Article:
We’re often encouraged to be selfless in a selfish world. But surviving in such a world requires, at the very least, selective selfishness. And to put it into motion, every day – all day – it comes down to you – first. Here’s the word…

It’s useless to pursue relief interventions if we’re convinced external forces are responsible for our frustration and pain.

Would you agree that our friend above looks a smidge surprised – even indignant?

Well, here’s what’s going on…

Intro

For the past three months she’s had about all she can take. Name it: work, a crummy relationship, a world of meanness and abandoned boundaries, the cost of living, nasty politics – she’s done.

Her frustration and pain have gotten so bad that she sees herself as a victim. Why? Because she believes she has no control over the onslaught of external attacks and their internal impact.

So she views her misery as “their” fault – whoever “they” may be.

A friend chimes in

Recently, she had lunch with a close friend who pointed out that she was responsible for her internal chaos. And she went on to share some very hopeful news: she could do something about it.

Sure, our friend was “a smidge surprised – even indignant.” But though she didn’t say it, she was willing to open her mind.

i think the scenario is applicable to many of us.

Tools: Locus of control and rational emotive behavior therapy

If any of us hope to neutralize the impact of perceived external attacks, we may need some help. After all, putting ourselves first doesn’t necessarily come naturally.

Here are a couple of tools I believe will lend a hand. And as they do, they’ll facilitate learning a lot about ourselves.

Let’s roll…

Locus of control

It’s useless to pursue relief interventions if we’re convinced external forces are responsible for our frustration and pain.

Locus of control (LOC), a personality component, addresses our perception of why things happen in our lives – past, present, and future.

Cutting to the chase, do we believe our lives are controlled primarily by internal or external forces (are we innies or outies)?

Internal

Those with internal LOC believe their behavior is guided by personal decisions and beliefs. Often presenting is confidence in the ability to manage themselves and influence the world around them. And, yes, they’re more likely to practice selective selfishness.

The future? It’s perceived as resting in their own hands, and it’s believed personal choices generate success or failure.

As we age, our LOC tends to become more internal.

External

Those with external LOC believe control over their lives is largely beyond them. Indeed, they believe they personally have very little, or no, say in management. They may even go so far as to believe others have control over them – and they have no option but to obey.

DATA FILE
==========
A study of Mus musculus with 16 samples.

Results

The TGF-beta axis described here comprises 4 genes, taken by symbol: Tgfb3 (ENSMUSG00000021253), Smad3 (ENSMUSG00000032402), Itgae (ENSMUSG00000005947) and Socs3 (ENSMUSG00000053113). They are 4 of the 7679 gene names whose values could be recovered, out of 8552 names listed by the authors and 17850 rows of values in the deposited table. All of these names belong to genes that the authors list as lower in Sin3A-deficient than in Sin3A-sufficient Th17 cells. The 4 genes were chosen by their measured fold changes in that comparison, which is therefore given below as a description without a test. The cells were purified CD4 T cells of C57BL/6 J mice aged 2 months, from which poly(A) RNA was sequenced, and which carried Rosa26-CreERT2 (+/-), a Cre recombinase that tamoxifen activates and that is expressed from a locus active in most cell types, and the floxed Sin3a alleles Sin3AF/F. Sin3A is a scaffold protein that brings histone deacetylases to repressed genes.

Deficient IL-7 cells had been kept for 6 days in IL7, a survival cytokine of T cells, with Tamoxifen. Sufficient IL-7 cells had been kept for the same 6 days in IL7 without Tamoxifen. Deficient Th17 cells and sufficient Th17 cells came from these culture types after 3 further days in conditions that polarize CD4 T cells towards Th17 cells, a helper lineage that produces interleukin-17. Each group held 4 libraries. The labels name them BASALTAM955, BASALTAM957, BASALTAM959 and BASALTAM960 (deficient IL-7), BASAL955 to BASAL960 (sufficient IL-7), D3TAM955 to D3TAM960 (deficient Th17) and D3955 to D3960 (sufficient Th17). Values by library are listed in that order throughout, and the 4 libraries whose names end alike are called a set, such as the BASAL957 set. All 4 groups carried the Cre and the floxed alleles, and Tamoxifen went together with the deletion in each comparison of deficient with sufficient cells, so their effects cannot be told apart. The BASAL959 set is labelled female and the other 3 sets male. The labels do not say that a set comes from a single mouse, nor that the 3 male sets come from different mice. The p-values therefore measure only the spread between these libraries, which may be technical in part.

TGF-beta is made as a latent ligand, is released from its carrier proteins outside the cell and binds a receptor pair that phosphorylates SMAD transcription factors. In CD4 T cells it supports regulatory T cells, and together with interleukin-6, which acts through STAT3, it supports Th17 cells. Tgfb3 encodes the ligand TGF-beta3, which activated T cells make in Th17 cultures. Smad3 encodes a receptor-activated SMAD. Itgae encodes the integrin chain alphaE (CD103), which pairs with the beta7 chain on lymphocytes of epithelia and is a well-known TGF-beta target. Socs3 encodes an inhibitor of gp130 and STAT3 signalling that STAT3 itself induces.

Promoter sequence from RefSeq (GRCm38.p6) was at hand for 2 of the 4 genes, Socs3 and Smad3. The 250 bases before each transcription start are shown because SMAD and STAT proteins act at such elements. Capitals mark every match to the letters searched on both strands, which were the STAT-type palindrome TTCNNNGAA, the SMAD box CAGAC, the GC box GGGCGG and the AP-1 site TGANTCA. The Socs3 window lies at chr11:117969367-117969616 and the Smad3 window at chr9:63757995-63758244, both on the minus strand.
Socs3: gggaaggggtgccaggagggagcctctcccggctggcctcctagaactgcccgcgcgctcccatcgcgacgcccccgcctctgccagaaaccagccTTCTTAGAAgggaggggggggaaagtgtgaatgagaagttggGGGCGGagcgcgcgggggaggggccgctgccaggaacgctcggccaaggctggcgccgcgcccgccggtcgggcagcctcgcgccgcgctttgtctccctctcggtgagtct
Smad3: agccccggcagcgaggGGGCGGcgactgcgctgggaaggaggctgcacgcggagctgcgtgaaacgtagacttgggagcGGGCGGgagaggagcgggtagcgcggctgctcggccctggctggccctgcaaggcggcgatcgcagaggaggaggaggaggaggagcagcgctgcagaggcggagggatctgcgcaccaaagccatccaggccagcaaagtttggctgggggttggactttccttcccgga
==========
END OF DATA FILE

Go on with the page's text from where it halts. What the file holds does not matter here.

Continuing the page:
Seems our friend has been living with external LOC.

Though theory and research indicate LOC is primarily learned, there’s evidence showing it can be a response to circumstances. For my money, that means an external who wants to transition to the internal side of the fence can hope to do so.

Can you see how locus of control may significantly impact our take on troubling external – turning internal – happenings?

By the way, are you an innie or an outie?

Rational emotive behavior therapy

rational emotive behavior therapy

“Oh, that’s right, LOC and REBT. I totally forgot.”

Rational emotive behavior therapy (REBT) is often referred to as the grandparent of cognitive behavioral therapy (CBT).

I mention it frequently because its model is easy to understand and makes so much sense. In our discussion, the “T” in REBT stands for theory, not therapy.

Though there are additional components to the REBT model, for our purposes, this is what’s most important…

A: Activating event
B: Belief system of the individual
C. Consequences of emotion and behavior

When intense emotional and behavioral consequences (C) occur, we often blame the activating event (A). According to REBT, the real culprit is our belief system (B). So it looks like this…

A occurs
B = C
Instead of A = C

So we can better understand the flow, let’s bring our friend’s circumstances to the equation…

A: Activating event

Every significant portion of her life brings distress. Furthermore, she constantly monitors news updates and social media. She knows in detail what’s going on in the world – and in her life – and it’s setting off alarms.

B: Belief system

Given she identifies as a victim, she believes she has no control over the whole mess, it will never end, and there’s no way her life will ever return to a fulfilling “normal.” She also believes the chaos is somehow intended. “They” are in charge, so everyone’s in peril. If all that isn’t enough, she’s convinced the world as she knows it will ultimately fall apart. Then what?

C: Consequences of emotion and behavior

Again, the victim – having no control over her circumstances, convinced that what upsets her is the only factor to be considered. Hence, in her mind, why even try anymore? She’s become helpless, hopeless, irritable, fatigued, isolative, moody, and anxious. She finds it difficult to get out of bed and can’t wait for an acceptable time to head back.

Our friend definitely believes her “C” are being caused by “A.” Her friend points out that it’s all about “B.” And, of course, she’ll never find relief unless and until she buys-in.

On the upside, remember, she’s willing to open her mind.

By the way, does any of this hit home?

Every day – all day

Do you agree that engaging with – managing – challenging external factors has to be an every day – all day – selective selfishness mission?

If so, learning about locus of control and rational emotive behavior theory will help you put things into perspective.

Maybe they did for our friend.


If you’re looking for more Chipur info and inspiration articles, review the titles.